Another year, another reminder about tax-time scams. Each year, we collectively lose tens of millions of dollars due to fraud, scams, or identity theft. Students at colleges across the country are often the targets of these email and phone scams — and this is especially true this time of year, during tax season. Popular scams over the last few years include calls threatening arrest for an overdue “federal student tax” (which doesn’t exist!), emails with fake tax bills attached, and IRS impersonators demanding payment via gift cards or prepaid cards. Many times, these callers will “spoof” real IRS phone numbers — so the number on your phone looks like it’s coming from a legitimate source. It’s not!
Here are some tips to avoid being the victim of tax fraud:
- Know how the IRS initiates contact: the IRS will NEVER contact you by email or telephone. The IRS initiates contact via mail through the United States Postal Service. Forward any shady tax-related emails to firstname.lastname@example.org and report suspicious phone calls to the Treasury Inspector General for Tax Administration and the Federal Trade Commission.
- Question out of the blue communication about tax balances: if you owe back taxes, or think you might, call a tax professional, the IRS, or the state tax department directly.
- Never pay over the phone: one of the latest scams involves the caller demanding that you pay back taxes with an iTunes card or other gift cards. Even if you owe the IRS money, the IRS never asks for credit, debit, prepaid card, gift card, or bank information via telephone, email, text, or social media.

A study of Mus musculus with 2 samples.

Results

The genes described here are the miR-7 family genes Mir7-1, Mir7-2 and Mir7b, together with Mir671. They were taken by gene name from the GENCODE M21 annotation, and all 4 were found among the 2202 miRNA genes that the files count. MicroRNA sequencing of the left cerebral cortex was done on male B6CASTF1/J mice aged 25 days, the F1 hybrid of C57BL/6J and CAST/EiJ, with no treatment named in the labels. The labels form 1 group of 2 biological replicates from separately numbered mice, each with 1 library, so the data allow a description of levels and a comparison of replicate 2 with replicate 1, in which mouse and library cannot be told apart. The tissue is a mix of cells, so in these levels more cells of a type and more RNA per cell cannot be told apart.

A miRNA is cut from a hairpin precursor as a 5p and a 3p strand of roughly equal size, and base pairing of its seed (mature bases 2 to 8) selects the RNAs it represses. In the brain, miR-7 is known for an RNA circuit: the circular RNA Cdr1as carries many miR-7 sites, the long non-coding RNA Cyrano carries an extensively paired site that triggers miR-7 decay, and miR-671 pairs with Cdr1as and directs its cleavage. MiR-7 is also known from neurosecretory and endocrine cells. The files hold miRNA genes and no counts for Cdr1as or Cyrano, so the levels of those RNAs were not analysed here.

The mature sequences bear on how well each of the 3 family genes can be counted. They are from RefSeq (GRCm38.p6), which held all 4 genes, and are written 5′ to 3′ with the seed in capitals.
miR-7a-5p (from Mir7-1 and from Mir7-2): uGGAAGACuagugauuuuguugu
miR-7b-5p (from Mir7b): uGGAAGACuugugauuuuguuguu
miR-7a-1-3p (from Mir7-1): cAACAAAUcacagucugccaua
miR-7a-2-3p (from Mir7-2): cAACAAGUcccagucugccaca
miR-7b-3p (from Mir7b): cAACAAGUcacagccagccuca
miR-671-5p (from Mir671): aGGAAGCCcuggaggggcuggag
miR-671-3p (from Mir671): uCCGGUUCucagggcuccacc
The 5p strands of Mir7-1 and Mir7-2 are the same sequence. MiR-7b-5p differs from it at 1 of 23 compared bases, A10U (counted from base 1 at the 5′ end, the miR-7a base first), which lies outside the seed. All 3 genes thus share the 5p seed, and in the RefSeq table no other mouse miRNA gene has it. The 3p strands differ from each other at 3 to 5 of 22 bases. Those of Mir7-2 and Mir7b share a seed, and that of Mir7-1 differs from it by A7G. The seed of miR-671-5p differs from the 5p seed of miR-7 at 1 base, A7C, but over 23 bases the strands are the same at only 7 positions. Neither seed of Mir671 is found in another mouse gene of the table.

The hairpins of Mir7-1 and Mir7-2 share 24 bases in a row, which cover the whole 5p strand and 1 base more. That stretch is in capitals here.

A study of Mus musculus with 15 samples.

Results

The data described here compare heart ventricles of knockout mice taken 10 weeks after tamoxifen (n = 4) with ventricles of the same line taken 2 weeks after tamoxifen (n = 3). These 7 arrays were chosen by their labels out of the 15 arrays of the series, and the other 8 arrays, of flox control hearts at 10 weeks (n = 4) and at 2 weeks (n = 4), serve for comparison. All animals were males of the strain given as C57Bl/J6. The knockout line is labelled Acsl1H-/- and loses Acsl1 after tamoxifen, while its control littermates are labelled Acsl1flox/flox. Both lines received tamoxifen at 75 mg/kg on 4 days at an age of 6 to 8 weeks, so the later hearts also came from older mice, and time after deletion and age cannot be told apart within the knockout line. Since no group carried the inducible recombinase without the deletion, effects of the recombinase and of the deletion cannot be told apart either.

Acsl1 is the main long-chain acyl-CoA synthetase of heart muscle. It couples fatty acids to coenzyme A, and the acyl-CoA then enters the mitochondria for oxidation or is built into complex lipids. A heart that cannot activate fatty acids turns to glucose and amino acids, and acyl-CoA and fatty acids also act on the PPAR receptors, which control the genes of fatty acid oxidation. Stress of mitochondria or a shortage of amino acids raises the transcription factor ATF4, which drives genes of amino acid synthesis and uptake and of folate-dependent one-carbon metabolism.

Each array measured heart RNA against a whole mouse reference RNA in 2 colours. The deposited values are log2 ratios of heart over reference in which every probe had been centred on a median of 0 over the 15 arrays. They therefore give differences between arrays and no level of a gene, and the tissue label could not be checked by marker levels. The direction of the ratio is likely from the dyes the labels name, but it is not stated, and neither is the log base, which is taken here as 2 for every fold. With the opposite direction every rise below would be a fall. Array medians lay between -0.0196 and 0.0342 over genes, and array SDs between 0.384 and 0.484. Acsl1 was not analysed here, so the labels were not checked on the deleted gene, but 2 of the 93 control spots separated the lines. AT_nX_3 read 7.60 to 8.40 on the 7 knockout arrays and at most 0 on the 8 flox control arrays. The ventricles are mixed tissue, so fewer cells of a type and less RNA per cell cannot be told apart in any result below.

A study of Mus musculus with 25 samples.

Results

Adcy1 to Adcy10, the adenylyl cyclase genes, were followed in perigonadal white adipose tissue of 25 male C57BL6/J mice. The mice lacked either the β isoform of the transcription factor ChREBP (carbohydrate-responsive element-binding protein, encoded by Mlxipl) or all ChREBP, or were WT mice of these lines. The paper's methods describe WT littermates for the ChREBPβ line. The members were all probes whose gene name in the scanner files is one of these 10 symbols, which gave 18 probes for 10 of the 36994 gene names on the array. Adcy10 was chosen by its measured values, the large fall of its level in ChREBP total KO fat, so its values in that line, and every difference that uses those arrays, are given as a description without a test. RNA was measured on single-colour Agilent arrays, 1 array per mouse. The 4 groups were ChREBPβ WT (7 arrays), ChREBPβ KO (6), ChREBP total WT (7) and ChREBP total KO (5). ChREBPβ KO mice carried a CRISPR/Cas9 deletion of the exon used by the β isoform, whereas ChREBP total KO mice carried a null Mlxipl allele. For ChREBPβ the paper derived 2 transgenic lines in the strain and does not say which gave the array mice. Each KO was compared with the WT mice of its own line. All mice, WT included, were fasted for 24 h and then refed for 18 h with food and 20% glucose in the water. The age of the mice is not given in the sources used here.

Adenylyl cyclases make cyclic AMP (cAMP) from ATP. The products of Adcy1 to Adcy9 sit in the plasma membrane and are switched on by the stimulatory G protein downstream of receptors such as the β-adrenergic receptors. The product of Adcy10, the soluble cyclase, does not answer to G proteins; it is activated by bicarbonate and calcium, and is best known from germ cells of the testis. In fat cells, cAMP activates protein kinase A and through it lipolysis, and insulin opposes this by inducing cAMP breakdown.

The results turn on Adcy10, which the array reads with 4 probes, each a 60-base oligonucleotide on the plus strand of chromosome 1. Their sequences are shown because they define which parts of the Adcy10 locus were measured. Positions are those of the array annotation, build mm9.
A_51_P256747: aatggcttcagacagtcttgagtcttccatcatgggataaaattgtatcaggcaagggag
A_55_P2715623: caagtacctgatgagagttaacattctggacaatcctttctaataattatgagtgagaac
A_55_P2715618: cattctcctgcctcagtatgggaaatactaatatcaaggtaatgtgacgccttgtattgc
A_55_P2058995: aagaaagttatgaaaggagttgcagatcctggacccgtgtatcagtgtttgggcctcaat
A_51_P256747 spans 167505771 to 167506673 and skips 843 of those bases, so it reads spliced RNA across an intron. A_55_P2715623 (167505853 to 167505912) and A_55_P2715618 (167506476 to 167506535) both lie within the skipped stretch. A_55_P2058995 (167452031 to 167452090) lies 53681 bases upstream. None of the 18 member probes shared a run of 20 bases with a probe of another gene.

There are other types of fraud that happen to students and staff. If you receive a phone call or an email requesting payment for something you do not want or did not buy, or if you receive a phone call or email from someone claiming they are the police and demand you must give them money for something, DON’T DO IT!
Here are some tips to avoid being the victim of other types of fraud.
- Spot imposters: scammers often pretend to be someone you trust; police, the government, a charity. Do not give money or personal information to a sudden, unexpected request.
- Don’t pay upfront for a promise: someone asking you to pay upfront for things like debt relief, plagiarism protection, a prize, or to keep you out of trouble is likely trying to scam you.
- Don’t wire transfer money: wire transactions do not have fraud protections built into them — so using Western Union or MoneyGram is risky. Honest companies, charities, or government agencies DO NOT require this sort of payment.
- Don’t deposit a check from an unknown source: fake checks are often sent to people asking them to cash it and wire a portion of the money back to them. These are scams and you cannot recover the money lost.
- Don’t get forced into making a rash, emotional financial decision: phone call scams often pressure and threaten you into making quick, and oftentimes bad, decisions. If something does not sound or feel right, trust your gut, slow down, and think through what you are being pressured to do.
If you ever have a question about a phone call or email talk to someone you trust before you give them your money or personal information. Con artists want you to make rushed decisions, but it is better to be safe than sorry.